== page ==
Black guides Northern to great heights in ’17

By Philip Cmor

Although there’s only 18 years of age separating them, senior lineman Tristin Guyer says the Northern Bedford football players look at Garry Black as more of a father than a coach, and Black likes to organize gatherings every Saturday of the offseason for the Black Panther family.

“We’d have lifting. He’d always text me because he knew I’d get other kids to go,” Guyer said. “He always pushed me to be better.”

Black got results not just with Guyer but with all of the Panthers. Coming off a 6-5 campaign with only about half the starters returning and a few newcomers from a sub-.500 junior high squad, Black guided Northern Bedford to 10 wins — four more than in 2016 — and just the program’s third District 5 championship.

In recognition, Black has been voted the Altoona Mirror’s 2017 High School Football Coach of the Year through a poll of his fellow area coaches, Mirror staff and Mirror correspondents.

Black received 31 points on the weighted ballot, 10 more than runner-up Homer DeLattre of Hollidaysburg. Huntingdon’s Mike Hudy was third, and Bishop Guilfoyle’s Justin Wheeler and Chestnut Ridge’s Max Shoemaker tied for fourth, a dozen points off Black’s total.

“I’m overwhelmed. I didn’t expect that with the years some of the other teams put together,” Black said when he was told of the award.

The Panthers came into the season expected to run somewhere toward the middle of the pack in the Inter-County Conference, but they beat Claysburg-Kimmel in overtime, edged Mount Union and came within an eyelash of taking down perennial power Bellwood-Antis for the ICC championship at the end of the regular season.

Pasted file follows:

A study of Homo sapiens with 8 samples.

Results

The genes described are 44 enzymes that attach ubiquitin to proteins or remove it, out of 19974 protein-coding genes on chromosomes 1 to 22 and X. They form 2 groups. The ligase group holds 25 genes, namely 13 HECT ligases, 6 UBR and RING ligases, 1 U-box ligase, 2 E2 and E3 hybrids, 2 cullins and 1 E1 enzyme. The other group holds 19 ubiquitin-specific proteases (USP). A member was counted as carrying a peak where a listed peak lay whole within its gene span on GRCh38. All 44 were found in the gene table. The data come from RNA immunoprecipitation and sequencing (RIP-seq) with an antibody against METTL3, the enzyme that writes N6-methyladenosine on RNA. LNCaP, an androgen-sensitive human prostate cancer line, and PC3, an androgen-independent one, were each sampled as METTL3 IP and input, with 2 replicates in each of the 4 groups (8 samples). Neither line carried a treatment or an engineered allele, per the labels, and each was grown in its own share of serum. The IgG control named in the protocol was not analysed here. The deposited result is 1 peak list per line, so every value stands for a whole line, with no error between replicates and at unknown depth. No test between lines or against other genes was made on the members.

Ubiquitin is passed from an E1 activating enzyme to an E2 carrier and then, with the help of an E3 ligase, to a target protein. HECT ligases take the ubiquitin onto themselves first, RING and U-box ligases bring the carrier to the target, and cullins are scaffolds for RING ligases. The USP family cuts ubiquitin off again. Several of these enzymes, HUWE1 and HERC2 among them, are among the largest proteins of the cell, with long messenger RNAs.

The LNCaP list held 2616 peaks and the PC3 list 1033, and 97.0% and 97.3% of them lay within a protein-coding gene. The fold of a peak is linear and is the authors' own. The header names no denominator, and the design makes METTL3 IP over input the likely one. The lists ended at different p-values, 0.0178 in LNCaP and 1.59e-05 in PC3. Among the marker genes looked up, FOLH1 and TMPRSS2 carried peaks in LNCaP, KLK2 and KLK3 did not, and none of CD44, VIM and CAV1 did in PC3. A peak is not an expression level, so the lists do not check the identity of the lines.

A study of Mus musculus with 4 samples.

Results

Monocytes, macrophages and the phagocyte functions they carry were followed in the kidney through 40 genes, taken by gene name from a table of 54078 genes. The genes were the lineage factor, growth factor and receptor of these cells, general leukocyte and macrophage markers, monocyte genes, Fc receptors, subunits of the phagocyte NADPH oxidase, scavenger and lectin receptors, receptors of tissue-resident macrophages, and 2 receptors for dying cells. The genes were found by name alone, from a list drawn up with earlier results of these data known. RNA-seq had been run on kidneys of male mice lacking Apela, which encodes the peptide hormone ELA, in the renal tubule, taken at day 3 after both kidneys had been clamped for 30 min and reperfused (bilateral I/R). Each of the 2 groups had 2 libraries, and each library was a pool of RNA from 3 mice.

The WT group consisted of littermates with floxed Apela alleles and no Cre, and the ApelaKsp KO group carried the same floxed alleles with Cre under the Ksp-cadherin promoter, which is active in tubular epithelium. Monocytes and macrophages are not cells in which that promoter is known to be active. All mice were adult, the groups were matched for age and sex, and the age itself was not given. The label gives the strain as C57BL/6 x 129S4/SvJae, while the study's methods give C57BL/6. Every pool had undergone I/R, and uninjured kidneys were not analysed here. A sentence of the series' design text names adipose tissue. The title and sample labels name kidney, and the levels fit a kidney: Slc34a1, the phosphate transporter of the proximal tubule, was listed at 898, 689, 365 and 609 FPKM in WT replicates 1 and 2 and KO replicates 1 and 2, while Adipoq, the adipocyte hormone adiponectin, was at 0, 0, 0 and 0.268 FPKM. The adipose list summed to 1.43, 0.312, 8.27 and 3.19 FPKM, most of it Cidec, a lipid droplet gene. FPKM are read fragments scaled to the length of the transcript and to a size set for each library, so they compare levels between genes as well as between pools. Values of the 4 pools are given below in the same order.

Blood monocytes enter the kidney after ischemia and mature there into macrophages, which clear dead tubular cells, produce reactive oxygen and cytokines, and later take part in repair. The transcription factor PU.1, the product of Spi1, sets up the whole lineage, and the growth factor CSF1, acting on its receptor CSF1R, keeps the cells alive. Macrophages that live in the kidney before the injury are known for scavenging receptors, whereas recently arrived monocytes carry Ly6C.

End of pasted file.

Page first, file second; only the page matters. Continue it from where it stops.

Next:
Northern Bedford rebounded from that setback to beat a pair of offensive juggernauts — Shade and Windber — to bring the school its first district crown in 22 years.

“In 2016, there were high expectations for our team,” Black said. “This year, expectations were more tempered. We took the approach of one week at a time. We didn’t put the cart before the horse.”

The Panthers really didn’t win with star players, instead getting consistent contributions from a number of players and having someone different step up on an almost weekly basis.

“This year, he tended to play more kids and not rely on individuals. He was looking for more options,” Guyer said.

That showed particularly on defense, where Black first made his mark as a coordinator for Jeff Batzel. Northern contained all-state running backs like Mount Union’s Daunte Martin and Windber’s Cody Simanski en route to their 10-3 finish. The Panthers allowed more than 14 points twice all season and allowed 3.7 rushing yards per game.

“We had to change our attitude on defense,” Black said. “We didn’t change our tendencies, but we changed our mindset on Day 1.”

Black has a career record of 25-12 through three seasons. He’s been married to his wife, Rachel, for 9 years. They have a son, Brady, who is 6.